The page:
At 7 months old, Victoria Lecavalier is way too young to understand Christmas, much less the commotion surrounding it: the 10-foot light-covered tree in the living room, the spirit of the season — and who are all these people who have shown up at the family's Davis Islands home? Even the gifts — and Lightning captain Vinny Lecavalier and wife Caroline admitted they will spoil their first child — won't hold much allure. "She'll have no clue," Lecavalier said. "She'll probably rip everything up and try to put it in her mouth and eat it." And cameras will click and video cameras roll. "It's like a magical moment for me, for Vince," Caroline said. "We're just blessed to have her. It's a special Christmas for us, for sure." Christmas always has been special to Lecavalier and Caroline, who were married in August and have been together since 2002.
When Lecavalier was 13 or 14 years old, growing up in the Montreal suburb of Ile Bizard, he once dressed as Santa — white beard, pillows under his coat, a sack of gifts over his shoulder, the whole thing.
Walking through the snow and down the street toward his family's home at about 9 o'clock on Christmas Eve, Lecavalier recalls, his younger relatives "looked out the window and couldn't believe it."
For Caroline, Christmas always has been about family, which is why she is so looking forward to a two-day feast she will cook in Tampa for 13 people, including her parents, Lecavalier's parents, siblings and their families.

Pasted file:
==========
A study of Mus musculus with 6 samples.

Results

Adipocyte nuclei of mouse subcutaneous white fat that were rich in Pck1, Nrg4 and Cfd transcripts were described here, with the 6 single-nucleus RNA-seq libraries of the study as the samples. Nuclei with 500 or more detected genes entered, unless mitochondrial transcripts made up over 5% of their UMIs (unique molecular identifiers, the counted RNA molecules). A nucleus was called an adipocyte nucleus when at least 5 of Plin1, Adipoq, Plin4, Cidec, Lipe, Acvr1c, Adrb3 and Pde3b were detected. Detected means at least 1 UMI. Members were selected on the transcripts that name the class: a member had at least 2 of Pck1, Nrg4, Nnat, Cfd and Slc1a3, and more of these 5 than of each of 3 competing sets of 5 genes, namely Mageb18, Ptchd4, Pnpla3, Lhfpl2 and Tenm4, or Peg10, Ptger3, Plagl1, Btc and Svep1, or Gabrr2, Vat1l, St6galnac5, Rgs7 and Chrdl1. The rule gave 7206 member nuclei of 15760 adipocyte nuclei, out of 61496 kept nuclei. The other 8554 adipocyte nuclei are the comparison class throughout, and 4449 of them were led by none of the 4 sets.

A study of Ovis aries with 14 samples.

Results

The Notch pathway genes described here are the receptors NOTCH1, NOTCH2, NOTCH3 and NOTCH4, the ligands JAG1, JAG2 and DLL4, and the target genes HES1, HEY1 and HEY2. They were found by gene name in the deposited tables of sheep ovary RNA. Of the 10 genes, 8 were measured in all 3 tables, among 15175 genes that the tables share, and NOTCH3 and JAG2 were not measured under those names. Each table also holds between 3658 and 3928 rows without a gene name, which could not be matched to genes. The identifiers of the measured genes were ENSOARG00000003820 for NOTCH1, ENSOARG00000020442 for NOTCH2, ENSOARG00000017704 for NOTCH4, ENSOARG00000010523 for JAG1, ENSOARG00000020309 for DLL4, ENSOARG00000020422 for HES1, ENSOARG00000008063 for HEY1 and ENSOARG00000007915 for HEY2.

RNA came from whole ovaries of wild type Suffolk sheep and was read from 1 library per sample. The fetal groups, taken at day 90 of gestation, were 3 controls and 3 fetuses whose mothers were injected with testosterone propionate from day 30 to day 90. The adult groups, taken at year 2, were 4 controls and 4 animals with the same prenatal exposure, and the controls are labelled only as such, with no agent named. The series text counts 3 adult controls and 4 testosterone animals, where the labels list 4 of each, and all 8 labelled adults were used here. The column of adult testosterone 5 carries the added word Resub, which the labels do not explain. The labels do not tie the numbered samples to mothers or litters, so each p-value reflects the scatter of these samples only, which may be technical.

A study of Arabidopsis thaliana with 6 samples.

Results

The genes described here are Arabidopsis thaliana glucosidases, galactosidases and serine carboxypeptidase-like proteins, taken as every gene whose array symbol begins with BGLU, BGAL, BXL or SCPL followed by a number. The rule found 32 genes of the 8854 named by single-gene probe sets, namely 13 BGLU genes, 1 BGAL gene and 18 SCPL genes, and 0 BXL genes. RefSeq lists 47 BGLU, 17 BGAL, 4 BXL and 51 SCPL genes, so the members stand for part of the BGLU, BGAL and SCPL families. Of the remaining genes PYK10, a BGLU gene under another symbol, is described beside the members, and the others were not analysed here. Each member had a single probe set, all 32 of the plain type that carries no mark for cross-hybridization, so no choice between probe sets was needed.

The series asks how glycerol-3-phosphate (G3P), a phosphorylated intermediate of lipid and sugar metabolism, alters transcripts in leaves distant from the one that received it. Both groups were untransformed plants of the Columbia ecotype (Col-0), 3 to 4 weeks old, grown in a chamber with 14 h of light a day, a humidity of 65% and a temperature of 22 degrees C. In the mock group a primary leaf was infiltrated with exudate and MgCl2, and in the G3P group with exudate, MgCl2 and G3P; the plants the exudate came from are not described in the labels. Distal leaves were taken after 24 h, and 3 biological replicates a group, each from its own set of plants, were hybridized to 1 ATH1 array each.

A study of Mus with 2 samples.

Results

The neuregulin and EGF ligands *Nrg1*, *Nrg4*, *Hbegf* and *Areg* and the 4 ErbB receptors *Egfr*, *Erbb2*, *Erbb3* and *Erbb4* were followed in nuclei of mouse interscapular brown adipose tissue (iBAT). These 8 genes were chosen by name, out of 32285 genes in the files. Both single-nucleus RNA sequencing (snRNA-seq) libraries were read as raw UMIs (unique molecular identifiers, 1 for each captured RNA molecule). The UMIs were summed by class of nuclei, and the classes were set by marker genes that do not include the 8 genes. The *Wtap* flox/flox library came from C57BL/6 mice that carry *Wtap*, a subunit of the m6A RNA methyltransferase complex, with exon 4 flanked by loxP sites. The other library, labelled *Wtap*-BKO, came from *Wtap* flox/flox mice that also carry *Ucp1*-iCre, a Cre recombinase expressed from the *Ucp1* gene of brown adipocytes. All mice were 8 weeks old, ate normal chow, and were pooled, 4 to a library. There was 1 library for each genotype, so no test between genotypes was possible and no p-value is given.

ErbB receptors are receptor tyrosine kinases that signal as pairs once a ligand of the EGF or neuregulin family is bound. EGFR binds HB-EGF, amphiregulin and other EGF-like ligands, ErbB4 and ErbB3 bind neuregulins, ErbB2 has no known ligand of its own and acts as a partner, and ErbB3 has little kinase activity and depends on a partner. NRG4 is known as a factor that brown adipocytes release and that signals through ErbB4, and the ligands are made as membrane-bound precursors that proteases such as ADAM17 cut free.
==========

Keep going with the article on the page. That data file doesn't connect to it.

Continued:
Both said it took a little time to get used to snowless Florida Christmases, and both want to continue their family traditions of opening most gifts on Christmas Eve after attending church.
But there is no doubt who is the star of the show.
"It's going to be something special, and all around Victoria," said Lecavalier's father, Yvon.
Yvon admitted he was a little worried about how his son would handle fatherhood.
"At 30 years old, I think you get spoiled a little bit with life," he said.
But seeing Vinny and Victoria together stifled any concerns.
"It's a new life for him," Yvon said. "I'm very happy to see the way he is with his daughter. He plays with her. He's going out with her, brings her everywhere he can."
It has helped that Lecavalier has been around her a lot.
Victoria was born in May, so she and dad had four months to bond before September training camp. Then Lecavalier missed a month of the season with a knuckle injury, a month in which 10 of the 15 games he missed were on the road.
So Lecavalier was home much more than he had planned.
"And that was only a positive to get comfortable with her and for her to get more comfortable with me," Lecavalier said.
"He's very good with her, and it's so nice to see them together," Caroline said. "It was bad for him to be injured, but on the family side, it was good for her to know her dad more."
While Caroline spoke, Lecavalier's focus was completely on his daughter. He held her, spoke to her softly and made her smile, which wasn't a tough assignment. Victoria seems to smile at everything.
"I guess you can't really predict how much you're going to love your kid," Lecavalier said.
"I mean, you know you love your kid, but when you know she's there smiling at you, that's when you realize. That's what all the dads were telling me in the dressing room. You don't know it until it happens. Well, it's true."
In that sense this Christmas, it is Victoria who is spoiling her dad.
Damian Cristodero can be reached at firstname.lastname@example.org.